By Quinn Ford | March 19, 2013 9:05am | Updated on March 19, 2013 11:35am

GAGE PARK — Gloria Howard and Arrell Monegan had already lost their mom in a car crash when they were both very young.

On Saturday, Gloria lost Arrell too.

The 16-year-old South Chicago boy was gunned down in the city's Gage Park neighborhood.

"I don't feel right," 14-year-old Gloria said Monday. "My brother was like my right hand. He was the only one there for me."

On Monday, Howard and other family members said they want answers about who killed Arrell.  They think his death was a case of mistaken identity, they said.

Arrell, of the 7900 block of South Escanaba Avenue, was shot about 7 p.m. Saturday in the 2400 block of West 58th Street, authorities said.

Friends who were with Arrell at the time of the shooting said they were standing near 58th Street and Artesian Avenue when a shooter emerged from a gangway and opened fire. The teens turned to run and Arrell was hit, they said.

Arrell was struck in the shoulder and back and was taken to Mount Sinai Hospital in serious condition, police said. He died from his injuries at 8:23 p.m., according to the Cook County Medical Examiner's Office.

Arrell's cousin, Barry Nelson, said he was hanging out with Arrell at a house on the block about 20 minutes before the shooting. Nelson said his cousin was outside waiting for a barber to come and cut his hair.

"He was going to get his hair lined up," Nelson said. "That's the reason why he came out the house."

A neighbor who asked to be identified as Samantha said she heard the shots and came outside and found Arrell on the ground. She said she and another woman stayed with Arrell and tried "to keep him calm" until the ambulance arrived. 

"He wasn't hollering or anything," she said. "He just said it hurt."

Samantha said Arrell hung out on her block a lot. She said the teen was not attending high school, and she tried to persuade him to go back. Family said he was in the process of enrolling at an alternative high school when he was killed. Samantha said she talked with Arrell again last week about his future.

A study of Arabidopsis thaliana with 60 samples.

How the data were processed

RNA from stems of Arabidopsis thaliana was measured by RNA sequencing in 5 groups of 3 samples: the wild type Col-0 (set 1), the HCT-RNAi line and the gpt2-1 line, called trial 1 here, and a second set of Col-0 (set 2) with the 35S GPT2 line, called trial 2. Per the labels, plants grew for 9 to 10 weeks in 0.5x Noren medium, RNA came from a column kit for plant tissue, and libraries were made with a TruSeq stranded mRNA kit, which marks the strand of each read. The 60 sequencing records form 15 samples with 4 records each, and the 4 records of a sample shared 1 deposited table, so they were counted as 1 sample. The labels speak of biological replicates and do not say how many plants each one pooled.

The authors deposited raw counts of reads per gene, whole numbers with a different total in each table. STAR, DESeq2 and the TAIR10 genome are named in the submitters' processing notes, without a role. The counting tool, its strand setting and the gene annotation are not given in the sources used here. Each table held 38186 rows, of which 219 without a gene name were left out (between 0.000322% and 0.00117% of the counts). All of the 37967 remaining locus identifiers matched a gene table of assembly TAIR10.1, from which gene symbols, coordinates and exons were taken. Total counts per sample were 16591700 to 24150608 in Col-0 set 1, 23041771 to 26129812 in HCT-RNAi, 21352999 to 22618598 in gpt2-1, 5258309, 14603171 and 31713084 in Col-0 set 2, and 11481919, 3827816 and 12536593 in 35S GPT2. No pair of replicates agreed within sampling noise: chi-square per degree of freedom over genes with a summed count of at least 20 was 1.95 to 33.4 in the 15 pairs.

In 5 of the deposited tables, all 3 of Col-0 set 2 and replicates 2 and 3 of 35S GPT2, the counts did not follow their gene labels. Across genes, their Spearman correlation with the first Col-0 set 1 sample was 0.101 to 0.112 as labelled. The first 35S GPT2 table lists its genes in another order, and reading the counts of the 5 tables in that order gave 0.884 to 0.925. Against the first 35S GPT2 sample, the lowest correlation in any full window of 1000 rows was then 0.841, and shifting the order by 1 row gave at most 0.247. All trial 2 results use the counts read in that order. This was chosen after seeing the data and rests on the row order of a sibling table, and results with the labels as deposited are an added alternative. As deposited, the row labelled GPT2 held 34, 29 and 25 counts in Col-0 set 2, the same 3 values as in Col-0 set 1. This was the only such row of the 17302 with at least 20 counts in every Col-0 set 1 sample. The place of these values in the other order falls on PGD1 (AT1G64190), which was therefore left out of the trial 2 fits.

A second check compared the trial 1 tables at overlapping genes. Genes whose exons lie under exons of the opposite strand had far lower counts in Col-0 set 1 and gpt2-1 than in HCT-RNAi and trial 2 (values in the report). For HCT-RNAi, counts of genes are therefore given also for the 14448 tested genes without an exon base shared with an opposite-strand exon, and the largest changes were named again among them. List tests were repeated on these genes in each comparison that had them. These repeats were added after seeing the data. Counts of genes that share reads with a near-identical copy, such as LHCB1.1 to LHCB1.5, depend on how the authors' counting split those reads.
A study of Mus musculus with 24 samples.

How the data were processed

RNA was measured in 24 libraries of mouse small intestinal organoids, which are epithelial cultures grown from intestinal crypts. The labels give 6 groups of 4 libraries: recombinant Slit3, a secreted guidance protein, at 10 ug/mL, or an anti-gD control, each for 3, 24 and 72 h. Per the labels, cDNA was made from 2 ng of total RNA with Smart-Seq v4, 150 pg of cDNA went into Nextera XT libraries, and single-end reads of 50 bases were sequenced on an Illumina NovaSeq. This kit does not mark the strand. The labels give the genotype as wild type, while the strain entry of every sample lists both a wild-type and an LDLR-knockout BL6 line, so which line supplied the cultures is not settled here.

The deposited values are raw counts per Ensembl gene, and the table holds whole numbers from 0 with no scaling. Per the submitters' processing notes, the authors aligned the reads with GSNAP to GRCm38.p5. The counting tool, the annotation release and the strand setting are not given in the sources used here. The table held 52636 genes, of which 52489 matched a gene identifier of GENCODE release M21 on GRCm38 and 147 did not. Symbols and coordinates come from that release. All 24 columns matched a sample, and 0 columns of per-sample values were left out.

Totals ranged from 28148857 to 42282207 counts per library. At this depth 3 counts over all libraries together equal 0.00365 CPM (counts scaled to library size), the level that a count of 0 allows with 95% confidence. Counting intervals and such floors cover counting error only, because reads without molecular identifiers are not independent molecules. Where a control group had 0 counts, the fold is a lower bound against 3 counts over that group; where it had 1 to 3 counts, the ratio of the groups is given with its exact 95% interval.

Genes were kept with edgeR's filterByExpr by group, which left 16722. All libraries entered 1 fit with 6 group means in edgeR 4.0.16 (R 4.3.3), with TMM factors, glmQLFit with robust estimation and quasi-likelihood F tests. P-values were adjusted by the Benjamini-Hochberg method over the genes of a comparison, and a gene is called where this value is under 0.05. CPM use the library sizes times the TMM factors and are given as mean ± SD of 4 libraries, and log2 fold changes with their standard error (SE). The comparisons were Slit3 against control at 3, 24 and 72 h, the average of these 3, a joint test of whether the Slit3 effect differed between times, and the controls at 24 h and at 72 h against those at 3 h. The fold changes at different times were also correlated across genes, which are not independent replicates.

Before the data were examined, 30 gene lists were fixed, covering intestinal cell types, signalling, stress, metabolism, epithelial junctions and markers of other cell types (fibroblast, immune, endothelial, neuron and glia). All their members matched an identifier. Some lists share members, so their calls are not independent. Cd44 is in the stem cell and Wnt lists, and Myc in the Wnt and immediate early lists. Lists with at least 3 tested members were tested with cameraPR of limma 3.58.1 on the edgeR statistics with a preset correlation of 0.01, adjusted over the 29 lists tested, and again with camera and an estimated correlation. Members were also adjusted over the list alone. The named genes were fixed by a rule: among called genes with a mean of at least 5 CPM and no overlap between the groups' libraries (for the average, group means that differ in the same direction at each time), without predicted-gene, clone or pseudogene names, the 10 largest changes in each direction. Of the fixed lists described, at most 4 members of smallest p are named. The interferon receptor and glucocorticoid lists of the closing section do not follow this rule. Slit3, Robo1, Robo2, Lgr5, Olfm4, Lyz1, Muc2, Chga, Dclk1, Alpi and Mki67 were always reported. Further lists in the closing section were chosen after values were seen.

"I prayed with him just last Tuesday, and now he's gone," she said.

On Monday morning, Nelson stood on the corner where his cousin was gunned down. A makeshift memorial was set up with balloons, empty bottles and posters that read "R.I.P. Ace Boogie," Arrell's nickname.

Nelson smiled as he remembered his cousin. He described Arrell as funny, cool and always "real."

"I can't do nothing but smile," Nelson said. "I ain't going to sit here and cry because I already did enough of that."

Family and friends said about an hour before the shooting, a man was jumped inside Clown's Snack Shop on Western Avenue, a block from the shooting site. Employees at the restaurant confirmed a man was attacked by a group of men about 6 p.m. Saturday.

Family and friends said Monday they believe the man who was jumped came back with a gun and, mistaking Arrell and his friends for the men that jumped him, opened fire on the group in retaliation. 

Police said Monday night the investigation is ongoing and no arrests have been made. Authorities said there is no indication the murder was gang-related.

Nelson said his cousin had been arrested for minor offenses like breaking curfew, but he, other family members and neighbors said Arrell was not a gang-bangera or a violent person.

"He wasn't like other 16-year-olds out here," Nelson said. "This wasn't meant for him. It's still unbelievable to me."

Russell Jackson, who said he was Arrell's grandfather, said his grandson was good person. He said Arrell stuck up for himself, respected his elders and was "trying to become a man."

"I'm not saying he was the best kid in the world, but he wasn't bad," Jackson said.

Jackson said Arrell in 2008, Arrell's uncle, Shavel Monegan, was shot and killed. And in 1999, Arrell's mother was killed in a car crash. His younger sister Gloria was just a baby at the time and said she does not remember her mother.

Now, with her only brother gone too, Gloria said she wants closure. She and other family members want to see her brother's killer behind bars.

"I want some answers," Gloria said. "I don't feel right."